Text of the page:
Max the spaniel from Keswick first pet to be awarded animal equivalent of OBE

  • Video report by Ryan Dollard


A springer spaniel from Cumbria who provided virtual therapy to people across the world during the pandemic is being awarded the animal equivalent of an OBE.

Max, a 13-year-old English springer spaniel and social media star from Keswick, will be awarded the Order of Merit by veterinary charity PDSA for his outstanding contribution to society at a virtual ceremony on Friday.

PDSA director general Jan McLoughlin said: "Max has provided a source of huge comfort - not only to his owner Kerry, but to thousands of people across the globe who are facing or have gone through hard times.

"He has become a true ambassador for the positive impact that animals have on mental health and wellbeing, which is more important now than ever. "

The Duchess of Cambridge meets internet dog stars Max, Paddy and Harry. Credit: ITV News

Max's owner Kerry Irving, 46, credits the dog with giving him a "reason to live" after a crash left him unable to walk and with severe depression.

The keen amateur photographer began to record their adventures on Facebook page Max Out in the Lakes.

After hundreds of requests from Facebook fans who wanted to meet Max, in 2016 Mr Irving had him trained as a therapy dog by Assistance Dogs UK so he could make visits to schools, hospitals and hospices.

When the Covid-19 pandemic hit, Max continued to provide comfort to his social media followers, who were able to join him on his daily walks through Facebook Live.

Max wears his Order of Merit medal by veterinary charity PDSA. Credit: PDSA

Mr Irving said: "When I was at my lowest, Max became my reason to live and he continues to make me smile every day. Being able to share the support, comfort and joy that Max brings to thousands of people has been a privilege.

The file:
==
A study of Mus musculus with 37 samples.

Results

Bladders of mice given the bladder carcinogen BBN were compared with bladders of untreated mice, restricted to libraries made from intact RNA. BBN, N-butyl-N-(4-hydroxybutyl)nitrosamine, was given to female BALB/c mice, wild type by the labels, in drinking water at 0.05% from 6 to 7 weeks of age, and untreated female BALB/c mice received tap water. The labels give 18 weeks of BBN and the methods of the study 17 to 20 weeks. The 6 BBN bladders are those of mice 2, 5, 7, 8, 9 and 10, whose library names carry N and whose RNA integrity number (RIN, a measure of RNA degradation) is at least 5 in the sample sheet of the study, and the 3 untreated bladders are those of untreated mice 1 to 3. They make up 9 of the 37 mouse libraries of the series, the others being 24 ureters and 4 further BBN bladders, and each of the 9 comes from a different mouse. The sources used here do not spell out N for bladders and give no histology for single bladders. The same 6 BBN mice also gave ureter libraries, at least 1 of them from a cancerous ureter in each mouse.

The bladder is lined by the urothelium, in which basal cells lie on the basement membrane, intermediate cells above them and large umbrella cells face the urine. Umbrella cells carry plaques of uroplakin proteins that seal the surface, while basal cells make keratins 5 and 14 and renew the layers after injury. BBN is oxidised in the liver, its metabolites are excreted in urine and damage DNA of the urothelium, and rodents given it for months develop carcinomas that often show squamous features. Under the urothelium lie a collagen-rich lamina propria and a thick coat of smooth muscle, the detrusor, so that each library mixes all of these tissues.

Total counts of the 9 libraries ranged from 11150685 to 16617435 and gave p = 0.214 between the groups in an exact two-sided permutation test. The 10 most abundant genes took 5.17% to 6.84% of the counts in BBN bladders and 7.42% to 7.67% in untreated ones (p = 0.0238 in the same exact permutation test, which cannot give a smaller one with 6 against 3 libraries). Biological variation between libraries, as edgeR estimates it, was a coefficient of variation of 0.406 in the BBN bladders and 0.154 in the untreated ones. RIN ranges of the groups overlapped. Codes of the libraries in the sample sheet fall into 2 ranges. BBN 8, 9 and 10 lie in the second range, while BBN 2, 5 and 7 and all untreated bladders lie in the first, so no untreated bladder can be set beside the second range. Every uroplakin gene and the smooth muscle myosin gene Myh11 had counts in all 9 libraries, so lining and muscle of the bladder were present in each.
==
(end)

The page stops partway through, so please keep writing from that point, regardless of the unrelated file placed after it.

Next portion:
"We receive daily messages from people all over the world, saying how Max's adventures make them smile and bring joy to their life.

"Each has their own personal story. I have met soldiers who served in Afghanistan who say they used to look at Max's page to remind them of home.

"I've also received messages from NHS staff working on the front line during the pandemic, who have found moments of peace and escape with Max.

"It is a huge honour for Max to be awarded the PDSA Order of Merit. He is extremely deserving of this award and I am immensely proud of him."

Since 2017, Max has met more than 10,000 people through meet-and-greets, charity walks, appearances and school visits and helped to raise nearly £300,000 for a number of charities, including PDSA.

The Order of Merit, launched in 2014, has previously been given to 32 dogs and horses who were specifically trained to perform roles, including as police dogs, medical detection dogs and search and rescue dogs.

Max will be the first ever pet to receive the honour.